A very funny Saif Ali Khan, who was in a very playful mood in London, talks about his latest home production and his roles in Go Goa Gone, Bullett Raja, Hamshakals et al to journalist Ashanti Omkar
This time it’s our most exciting interview since it’s for a zombie film – Go Goa Gone – a genre untouched thus far in Bollywood…
(Laughs) It’s nice to have something not just new to talk about, but because life is short and it’s important to spend your day aptly or interestingly occupied. Some of the films that one does are absorbing as an actor, but others are more satisfying in a way because they’re more fun really. Some films carry responsibility. I’m not saying that they’re crap (laughs), I’m just saying that this was a lot of fun to do.
You’re also co-producer of this film (Illuminati Films) and this is perhaps a rather dangerous topic to take up from a money standpoint…
Well, yes and no – if you get it right, it could be very lucrative and generally a good idea, and if you don’t then you know nobody will listen to you ever again and that’s how it goes (laughs).
Do you like zombie films? What made you pick this?
I don’t like zombie films, actually. I have no idea why I picked this (laughs). But seriously, it’s really funny. It is not necessary to like zombie movies to enjoy this film. It’s the adventures of these two guys played by Vir Das and Kunal Khemu. Vir plays a guy called Luv who is really nice; he lives with Khemu’s character Hardik, who plays a dopehead who doesn’t work hard at all. Luv tries to clean up his life because he wants to propose to his girlfriend, who turns out to be quite unfaithful – sometimes that’s how it is, when you meet these lovely boys. So the girl is the naughty one here. And Hardik, whose name resonates differently internationally (laughs), plays this Casanova type dude. And together their energy is quite phenomenal, when they end up going to a rave party in Goa. When things go horribly wrong and everyone there becomes a zombie, their only hope of escape is Boris, played by me.
So, Boris – you – what’s he all about?
He’s a wannabe Indo-Russian mafia guy, played by me…
And you like killing dead people?
Evidently it is a pastiche or take off on the Manoj Night Shyamalan line from The Sixth Sense: “I see dead people”. I hadn’t actually realised the genius of that till today and it’s quite a brilliant caption. ‘I kill dead people’, not ‘I see dead people’ (he says it in his Russian accent from the film).
And the accent – did you have to work on that?
Yes, a little bit, but I’m quite familiar with the Russian accent, don’t ask me why. Maybe because we filmed Agent Vinod in Russia and we had an amazing experience in Saint Petersburg and they’re really nice people – they really are! They’re amazing.
Did you watch any zombie films in preparation for this?
I’d seen little bits, but traditionally, they’ve been really B-grade and I’ve not seen Sean of the Dead or Warm Bodies or anything. I used to see vampire movies, like Bram Stoker’s Dracula, made by Francis Ford Coppola, which was great. Evil Dead was another; it’s not really about zombies, but rotting flesh, which was really disturbing. My cousin was watching it on VHS when we were kids and she said that I shouldn’t see it as it would give me nightmares and, of course, I insisted on watching it and it did mess me up even further. Then the sequel was really funny though; it was only the first one that was frightening.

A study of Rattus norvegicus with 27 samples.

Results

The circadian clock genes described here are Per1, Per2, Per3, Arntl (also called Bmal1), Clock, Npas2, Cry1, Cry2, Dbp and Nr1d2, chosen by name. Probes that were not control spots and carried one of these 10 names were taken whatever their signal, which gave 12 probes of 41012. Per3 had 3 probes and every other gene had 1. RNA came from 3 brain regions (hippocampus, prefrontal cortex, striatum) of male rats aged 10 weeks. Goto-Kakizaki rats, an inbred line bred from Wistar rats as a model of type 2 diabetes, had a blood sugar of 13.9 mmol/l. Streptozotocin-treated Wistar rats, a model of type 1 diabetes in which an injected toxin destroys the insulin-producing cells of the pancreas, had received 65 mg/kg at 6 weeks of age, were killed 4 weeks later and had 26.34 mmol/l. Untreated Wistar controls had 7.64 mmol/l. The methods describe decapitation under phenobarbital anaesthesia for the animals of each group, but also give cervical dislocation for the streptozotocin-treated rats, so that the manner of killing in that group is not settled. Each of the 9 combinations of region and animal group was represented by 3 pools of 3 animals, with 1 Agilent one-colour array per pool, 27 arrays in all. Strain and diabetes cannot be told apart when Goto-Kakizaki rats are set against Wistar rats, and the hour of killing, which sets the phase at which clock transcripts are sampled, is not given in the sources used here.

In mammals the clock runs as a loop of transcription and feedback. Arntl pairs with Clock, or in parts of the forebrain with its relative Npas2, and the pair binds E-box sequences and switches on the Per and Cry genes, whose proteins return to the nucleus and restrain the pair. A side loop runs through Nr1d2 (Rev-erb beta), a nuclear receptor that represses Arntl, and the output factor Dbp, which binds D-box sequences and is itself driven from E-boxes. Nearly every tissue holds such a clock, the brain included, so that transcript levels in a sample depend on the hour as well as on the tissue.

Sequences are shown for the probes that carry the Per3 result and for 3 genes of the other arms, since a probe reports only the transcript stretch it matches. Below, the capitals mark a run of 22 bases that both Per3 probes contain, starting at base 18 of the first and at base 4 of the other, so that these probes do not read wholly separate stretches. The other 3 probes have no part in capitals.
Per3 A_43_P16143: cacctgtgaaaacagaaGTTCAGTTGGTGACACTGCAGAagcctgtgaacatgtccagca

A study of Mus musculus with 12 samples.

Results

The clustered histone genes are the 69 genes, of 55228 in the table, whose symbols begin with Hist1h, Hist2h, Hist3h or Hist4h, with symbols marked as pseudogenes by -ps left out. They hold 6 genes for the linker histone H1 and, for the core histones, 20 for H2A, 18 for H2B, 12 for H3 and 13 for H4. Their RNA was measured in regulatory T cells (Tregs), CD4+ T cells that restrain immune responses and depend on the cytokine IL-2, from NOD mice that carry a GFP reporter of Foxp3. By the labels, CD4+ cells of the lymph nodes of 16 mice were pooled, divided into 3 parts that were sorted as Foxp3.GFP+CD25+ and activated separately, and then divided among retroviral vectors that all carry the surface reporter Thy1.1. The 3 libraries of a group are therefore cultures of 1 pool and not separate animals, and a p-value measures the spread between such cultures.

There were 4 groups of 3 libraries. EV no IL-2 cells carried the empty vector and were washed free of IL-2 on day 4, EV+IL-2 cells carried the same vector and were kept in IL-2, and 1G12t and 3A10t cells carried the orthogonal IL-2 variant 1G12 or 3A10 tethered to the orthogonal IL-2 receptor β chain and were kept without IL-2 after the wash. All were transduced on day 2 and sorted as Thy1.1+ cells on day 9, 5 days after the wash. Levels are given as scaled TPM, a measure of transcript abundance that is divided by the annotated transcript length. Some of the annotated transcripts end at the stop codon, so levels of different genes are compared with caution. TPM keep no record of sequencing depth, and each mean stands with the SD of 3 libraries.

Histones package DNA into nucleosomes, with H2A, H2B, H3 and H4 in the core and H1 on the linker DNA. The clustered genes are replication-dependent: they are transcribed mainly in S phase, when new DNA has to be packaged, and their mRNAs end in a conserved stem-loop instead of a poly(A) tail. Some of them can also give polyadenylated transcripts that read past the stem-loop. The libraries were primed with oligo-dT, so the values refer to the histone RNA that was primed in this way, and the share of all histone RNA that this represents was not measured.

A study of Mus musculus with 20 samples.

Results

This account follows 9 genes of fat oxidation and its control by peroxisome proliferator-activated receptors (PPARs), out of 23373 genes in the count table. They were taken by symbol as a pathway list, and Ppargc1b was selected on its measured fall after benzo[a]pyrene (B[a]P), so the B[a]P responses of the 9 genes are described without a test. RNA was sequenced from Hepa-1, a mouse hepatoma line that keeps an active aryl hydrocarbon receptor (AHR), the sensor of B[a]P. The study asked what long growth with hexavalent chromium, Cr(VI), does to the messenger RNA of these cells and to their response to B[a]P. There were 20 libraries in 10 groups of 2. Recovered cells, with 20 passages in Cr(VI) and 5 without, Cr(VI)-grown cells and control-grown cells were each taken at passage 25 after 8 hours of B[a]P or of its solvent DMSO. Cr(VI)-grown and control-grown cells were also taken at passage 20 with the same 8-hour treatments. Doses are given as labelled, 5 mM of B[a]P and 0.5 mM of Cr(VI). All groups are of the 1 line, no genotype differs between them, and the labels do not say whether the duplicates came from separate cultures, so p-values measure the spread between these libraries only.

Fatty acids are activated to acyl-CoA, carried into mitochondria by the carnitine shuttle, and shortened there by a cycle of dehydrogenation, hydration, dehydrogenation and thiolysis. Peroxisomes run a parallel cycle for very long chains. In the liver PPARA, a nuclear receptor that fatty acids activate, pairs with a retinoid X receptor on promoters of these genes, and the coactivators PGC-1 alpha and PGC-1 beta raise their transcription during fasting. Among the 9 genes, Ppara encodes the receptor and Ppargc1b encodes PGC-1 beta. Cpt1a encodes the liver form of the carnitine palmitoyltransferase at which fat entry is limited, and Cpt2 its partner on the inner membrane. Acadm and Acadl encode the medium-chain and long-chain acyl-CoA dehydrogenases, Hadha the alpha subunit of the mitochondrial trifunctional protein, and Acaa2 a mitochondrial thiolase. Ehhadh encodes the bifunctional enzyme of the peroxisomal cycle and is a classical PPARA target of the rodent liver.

And Go Goa Gone, of course, is a comedy…
Yes, it’s a comedy, which kind of saves it a lot. I don’t think a full-on zombie horror movie would work. I think that people in India like a little humour in things. Suddenly if you say I’m making this zombie movie with a lot of humour, people would like that; but if you just make a horror movie or just make a spy thriller or something just concentrated on that genre, I don’t know if it will have takers. And if you make a spy film with comedy, it will work.
The rave party where it all goes down and Boris saves the day is the premise of this film – is there a message?
I think that considering we’re doing so many negative things – like drug abuse and the whole party that Boris organises to get people to take this designer drug – that’s supposed to be really happening. But the fact is that it’s that drug which turns everyone into zombies. So I suppose the message is that drugs make you into a zombie, into something that’s walking dead. There is a point in the film where they decide to kind of give up drugs, while Boris has a solution of them taking more drugs because they seem really depressed, so he says you’ll feel good, they say they want to deal with this on their own. We have put in the ‘smoking is bad for your health’ disclaimers throughout the film, but only for cigarettes, not drugs, ironically.
What’s next for Illuminati Films?
We’re going to work with the same directors, Raj Nidimoru and Krishna DK (known as Raj and DK). This time it’s a romantic comedy about a writer who hasn’t written a book in a long time, and he gets roped into writing quite a cheesy Bollywood movie with a really filmi hero who has all these security guards. I’m playing the writer, of course, (laughs). We’re trying to cast the role of the Bollywood star – he doesn’t have too long a role, but keeps using expressions like: “Let’s kick ass, yaar!”.
You have Bullett Raja and Hamshakals also…
Oh yes, Hamshakals is a comedy by Sajid Khan, which we’re going to shoot here in London in September. That should be nice. And then there’s Sajid Nadiadwala, the producer, with director Kabir Khan, and I’ll be working with them later on in a different genre. Lots of work to do. Bullett Raja I think is a really cool movie that Tigmanshu’s (Dhulia) made, and I enjoyed acting in it a lot. It was a complete kind of performance in terms of clothes, the accent of the character and the body language – it was all new for me, so really exciting. I look forward to that.